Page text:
Why Trump is delusional to think that a ‘weird little’ voting 'glitch' in a New Hampshire town means he won the state
Half a year after the 2020 presidential election, former President Donald Trump and many of his sycophants refuse to accept the fact that now-President Joe Biden won 306 electoral votes and defeated him by more than 7 million in the popular vote. This month at his Mar-a-Lago resort in South Florida, Trump claimed that he really won New Hampshire — and journalist Philip Bump, in a Washington Post article published on May 3, explains the role that the town of Windham, New Hampshire plays in that fantasy.
Recently at Mar-a-Lago, Trump claimed, "You're watching New Hampshire. They found a lot of votes up in New Hampshire just now. You saw that."
Bump notes that in Windham — which has around 14,000 residents — a "Democratic candidate named Kristi St. Laurent requested a recount in the race to seat four members of the state legislature."
"Eight candidates ran, four from each major party, with the top four winning election," Bump observes. "After the votes were initially tallied, St. Laurent came in fifth, by a margin of 24 votes. After the recount, though, she lost by more than 400. How? Because the recount found that all four Republicans had actually earned about 300 more votes than were included in the initial tally — and that St. Laurent had been allocated 99 more votes than she deserved."
But according to Bump, Trump is grasping at straws when he claims that the 2020 presidential election was "rigged" against him in New Hampshire.
"The idea, it seems, is that this undercounting of votes for Republican candidates in Windham trickles up to Trump himself," Bump explains. "The original tally reported by the town had Trump beating Joe Biden by 629 votes, making Windham an unlikely epicenter for efforts to hand the election to Biden. But if Trump's votes were also undercounted by 300 votes? Well, then his margin of defeat in the state drops from just over 59,000 to just under 59,000. More broadly, the idea Trump would have you believe is that this oddity somehow demonstrates that vote counting nationally is suspect."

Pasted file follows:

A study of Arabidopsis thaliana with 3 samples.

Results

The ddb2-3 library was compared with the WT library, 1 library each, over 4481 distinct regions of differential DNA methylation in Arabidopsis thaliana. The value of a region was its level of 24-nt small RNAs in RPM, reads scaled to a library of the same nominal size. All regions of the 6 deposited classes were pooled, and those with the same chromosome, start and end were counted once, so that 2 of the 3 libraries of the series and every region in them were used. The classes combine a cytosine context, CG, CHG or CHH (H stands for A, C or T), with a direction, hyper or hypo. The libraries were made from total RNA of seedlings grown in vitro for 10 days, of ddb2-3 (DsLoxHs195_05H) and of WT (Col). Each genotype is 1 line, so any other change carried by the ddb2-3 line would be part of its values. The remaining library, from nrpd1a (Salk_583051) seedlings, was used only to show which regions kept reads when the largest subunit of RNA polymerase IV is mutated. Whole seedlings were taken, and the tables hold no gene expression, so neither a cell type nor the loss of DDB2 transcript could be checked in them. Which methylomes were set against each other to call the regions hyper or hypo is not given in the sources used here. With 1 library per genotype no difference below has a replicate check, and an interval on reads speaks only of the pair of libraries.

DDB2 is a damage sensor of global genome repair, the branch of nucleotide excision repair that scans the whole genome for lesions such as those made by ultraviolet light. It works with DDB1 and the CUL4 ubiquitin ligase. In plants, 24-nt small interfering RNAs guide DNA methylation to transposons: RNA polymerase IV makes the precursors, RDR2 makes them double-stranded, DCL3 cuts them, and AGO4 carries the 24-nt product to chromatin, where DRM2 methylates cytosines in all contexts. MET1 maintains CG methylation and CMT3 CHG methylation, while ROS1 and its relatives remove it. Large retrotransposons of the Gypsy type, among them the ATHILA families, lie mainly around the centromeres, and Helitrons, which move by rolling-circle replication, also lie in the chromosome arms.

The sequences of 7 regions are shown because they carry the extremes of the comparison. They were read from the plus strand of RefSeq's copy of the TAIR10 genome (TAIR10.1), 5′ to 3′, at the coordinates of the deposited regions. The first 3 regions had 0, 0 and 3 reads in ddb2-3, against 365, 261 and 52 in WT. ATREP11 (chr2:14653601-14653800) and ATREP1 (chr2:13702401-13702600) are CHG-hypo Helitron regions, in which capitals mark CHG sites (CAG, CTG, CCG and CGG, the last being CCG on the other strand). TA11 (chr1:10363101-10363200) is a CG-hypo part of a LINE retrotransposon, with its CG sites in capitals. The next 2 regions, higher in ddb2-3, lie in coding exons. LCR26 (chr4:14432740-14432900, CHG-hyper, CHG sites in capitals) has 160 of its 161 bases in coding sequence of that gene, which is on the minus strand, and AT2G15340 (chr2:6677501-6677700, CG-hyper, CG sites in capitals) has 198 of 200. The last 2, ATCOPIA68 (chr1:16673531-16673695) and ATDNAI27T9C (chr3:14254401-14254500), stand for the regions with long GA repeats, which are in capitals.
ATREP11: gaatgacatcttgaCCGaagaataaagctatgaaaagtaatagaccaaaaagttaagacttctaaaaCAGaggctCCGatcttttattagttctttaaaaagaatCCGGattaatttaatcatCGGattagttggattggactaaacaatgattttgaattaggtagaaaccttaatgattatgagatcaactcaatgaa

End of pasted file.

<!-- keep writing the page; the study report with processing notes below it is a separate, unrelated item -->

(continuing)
Bump points out that the recount in Windham was "completed by the end of November" and that New Hampshire Gov. Chris Sununu, a conservative Republican, has vowed to "get to the root of the problem" in Windham and show that "even though it may have been a small problem, that it isn't systematic across anything."
"It's not clear why the tally in Windham was off," Bump notes. "What is clear is that, even if Trump won every single vote in the town, it neither affects the results in New Hampshire nor the presidency overall — nor does it necessarily suggest any systemic problem with vote-counting. It is one weird little glitch in one small town in a small state. But for a movement looking for any glitch anywhere as evidence that the whole system is crumbling, it'll work."